The mystery of a dead 'spy' and his hoard of 1,200 guns

Was “Bob Smith” a super-spy or super-fantasist? That was the question many in Los Angeles are trying to answer after the puzzling death of man who kept a hoard of more than 1,200 firearms and two tons of ammunition at home.

The man, who is yet to be formally identified, was found dead in his SUV not far from the house in LA’s affluent Pacific Palisades neighbourhood, where his body was believed to have been for two weeks before police were alerted.

The man’s real identity remains unconfirmed. Reportedly known to his neighbours as “Bob Smith”, he supposedly convinced his fiancée that he worked as an undercover agent for a shadowy government organisation linked to the CIA. The precise cause of death has not been officially determined, but the authorities said there were no obvious signs of foul play and the case was not being treated as a homicide.

To police, the most surprising element of the case was the sheer number of handguns, rifles and shotguns stashed in the man’s house and garage, Los Angeles Police Department Commander Andrew Smith told The Los Angeles Times.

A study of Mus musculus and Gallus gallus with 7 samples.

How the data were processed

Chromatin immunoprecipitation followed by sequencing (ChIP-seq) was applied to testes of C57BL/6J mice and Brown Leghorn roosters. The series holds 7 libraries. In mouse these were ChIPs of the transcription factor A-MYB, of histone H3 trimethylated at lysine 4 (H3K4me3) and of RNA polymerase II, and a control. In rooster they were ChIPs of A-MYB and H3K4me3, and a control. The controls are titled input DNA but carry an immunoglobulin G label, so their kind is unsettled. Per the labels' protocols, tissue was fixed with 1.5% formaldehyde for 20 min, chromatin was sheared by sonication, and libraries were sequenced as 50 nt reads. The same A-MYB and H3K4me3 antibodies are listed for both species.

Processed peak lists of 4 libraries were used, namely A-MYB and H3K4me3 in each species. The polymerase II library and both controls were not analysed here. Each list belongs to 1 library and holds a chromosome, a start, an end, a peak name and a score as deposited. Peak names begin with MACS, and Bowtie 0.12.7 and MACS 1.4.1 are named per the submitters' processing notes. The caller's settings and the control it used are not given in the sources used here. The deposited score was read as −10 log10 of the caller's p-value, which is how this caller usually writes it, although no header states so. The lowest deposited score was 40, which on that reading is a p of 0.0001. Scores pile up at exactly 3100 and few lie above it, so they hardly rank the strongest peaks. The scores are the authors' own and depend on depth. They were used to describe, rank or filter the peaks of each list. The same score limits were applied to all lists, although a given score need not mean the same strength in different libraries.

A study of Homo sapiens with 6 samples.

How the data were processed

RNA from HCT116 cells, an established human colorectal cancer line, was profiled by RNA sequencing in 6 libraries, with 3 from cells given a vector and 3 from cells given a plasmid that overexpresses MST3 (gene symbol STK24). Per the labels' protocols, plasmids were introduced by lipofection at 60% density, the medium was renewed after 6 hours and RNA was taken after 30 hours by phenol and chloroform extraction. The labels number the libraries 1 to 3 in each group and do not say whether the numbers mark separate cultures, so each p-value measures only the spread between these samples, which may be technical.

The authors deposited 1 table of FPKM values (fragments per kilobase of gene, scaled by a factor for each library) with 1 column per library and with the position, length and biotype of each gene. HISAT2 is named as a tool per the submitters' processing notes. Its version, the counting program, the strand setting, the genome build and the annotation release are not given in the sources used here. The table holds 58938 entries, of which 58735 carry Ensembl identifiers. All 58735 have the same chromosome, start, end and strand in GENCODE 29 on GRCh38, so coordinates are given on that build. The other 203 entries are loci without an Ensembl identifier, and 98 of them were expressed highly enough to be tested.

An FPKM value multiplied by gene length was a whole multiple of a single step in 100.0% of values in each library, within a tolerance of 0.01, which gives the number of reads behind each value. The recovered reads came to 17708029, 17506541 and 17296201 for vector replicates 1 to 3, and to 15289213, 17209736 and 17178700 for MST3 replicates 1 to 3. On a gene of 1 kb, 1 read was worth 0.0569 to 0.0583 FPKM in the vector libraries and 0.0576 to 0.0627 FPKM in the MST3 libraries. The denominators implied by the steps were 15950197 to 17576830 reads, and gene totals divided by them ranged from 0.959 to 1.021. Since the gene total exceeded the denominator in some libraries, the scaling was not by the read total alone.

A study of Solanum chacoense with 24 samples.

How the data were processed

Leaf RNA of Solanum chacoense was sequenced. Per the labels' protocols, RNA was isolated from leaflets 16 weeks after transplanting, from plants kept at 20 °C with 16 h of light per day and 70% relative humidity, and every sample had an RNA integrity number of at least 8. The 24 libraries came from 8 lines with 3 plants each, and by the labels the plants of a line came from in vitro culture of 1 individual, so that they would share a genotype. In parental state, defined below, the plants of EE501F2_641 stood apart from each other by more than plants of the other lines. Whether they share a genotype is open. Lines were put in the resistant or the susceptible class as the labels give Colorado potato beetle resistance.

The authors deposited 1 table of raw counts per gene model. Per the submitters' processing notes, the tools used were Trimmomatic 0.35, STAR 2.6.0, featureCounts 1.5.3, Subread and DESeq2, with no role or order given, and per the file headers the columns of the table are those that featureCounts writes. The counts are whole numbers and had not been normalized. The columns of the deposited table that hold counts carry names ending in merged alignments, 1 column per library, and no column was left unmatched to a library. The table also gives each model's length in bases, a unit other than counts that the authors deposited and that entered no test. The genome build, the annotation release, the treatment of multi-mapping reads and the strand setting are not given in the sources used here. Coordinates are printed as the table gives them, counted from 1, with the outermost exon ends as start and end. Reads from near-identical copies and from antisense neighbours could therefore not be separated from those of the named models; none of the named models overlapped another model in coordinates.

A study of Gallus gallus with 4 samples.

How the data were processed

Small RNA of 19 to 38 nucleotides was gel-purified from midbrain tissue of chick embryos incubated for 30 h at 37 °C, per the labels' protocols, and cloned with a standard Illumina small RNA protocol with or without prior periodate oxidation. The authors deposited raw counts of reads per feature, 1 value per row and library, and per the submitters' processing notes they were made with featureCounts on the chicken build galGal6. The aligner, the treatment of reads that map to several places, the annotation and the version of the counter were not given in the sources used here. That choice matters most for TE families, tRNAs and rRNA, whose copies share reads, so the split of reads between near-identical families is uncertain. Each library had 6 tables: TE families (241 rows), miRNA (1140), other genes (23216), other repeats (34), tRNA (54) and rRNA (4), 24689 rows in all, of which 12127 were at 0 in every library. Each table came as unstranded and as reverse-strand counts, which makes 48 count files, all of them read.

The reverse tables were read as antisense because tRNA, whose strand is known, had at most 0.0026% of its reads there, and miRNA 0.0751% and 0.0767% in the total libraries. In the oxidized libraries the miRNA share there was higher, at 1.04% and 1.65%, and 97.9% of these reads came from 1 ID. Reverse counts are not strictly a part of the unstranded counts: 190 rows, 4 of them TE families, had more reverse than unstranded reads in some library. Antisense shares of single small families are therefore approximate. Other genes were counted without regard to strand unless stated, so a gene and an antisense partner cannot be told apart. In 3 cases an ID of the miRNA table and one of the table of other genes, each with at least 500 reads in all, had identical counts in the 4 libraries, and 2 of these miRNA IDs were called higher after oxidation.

There was no evidence that “Bob” was involved in any criminal activity, and police said it was not a crime to have so many weapons at home if they were legally acquired.

Equally curious are the circumstances surrounding the man’s death and the discovery of his body. According to Harland Braun, a criminal defence lawyer acting for his fiancée, Catherine Nebron, she was the person who contacted the authorities to alert them to his death and his weapons cache.

On 4 July, the US national Independence Day holiday, the couple and two friends were in a supermarket car park in nearby Santa Monica when “Bob”, who was suffering from cancer, became poorly. He complained of feeling hot, so his friends attempted to cool him down with ice, but he died shortly afterwards. Bob had assured Ms Nebron that the unnamed spy agency would deal with his body, Mr Braun said, so she left it in the car, parked near the house, and left for a trip to Oregon. When she returned, she was shocked to find the car and his body still in the same place. She then contacted Mr Braun, who informed the police.

“Even after the police removed all those guns and ammunition, the place is still loaded with tools, scopes, books, all kinds of craziness,” Mr Braun told the Independent. “He told the neighbours he was a CIA agent. He certainly convinced his fiancée, my client, that he was a CIA agent. But I don’t think so.”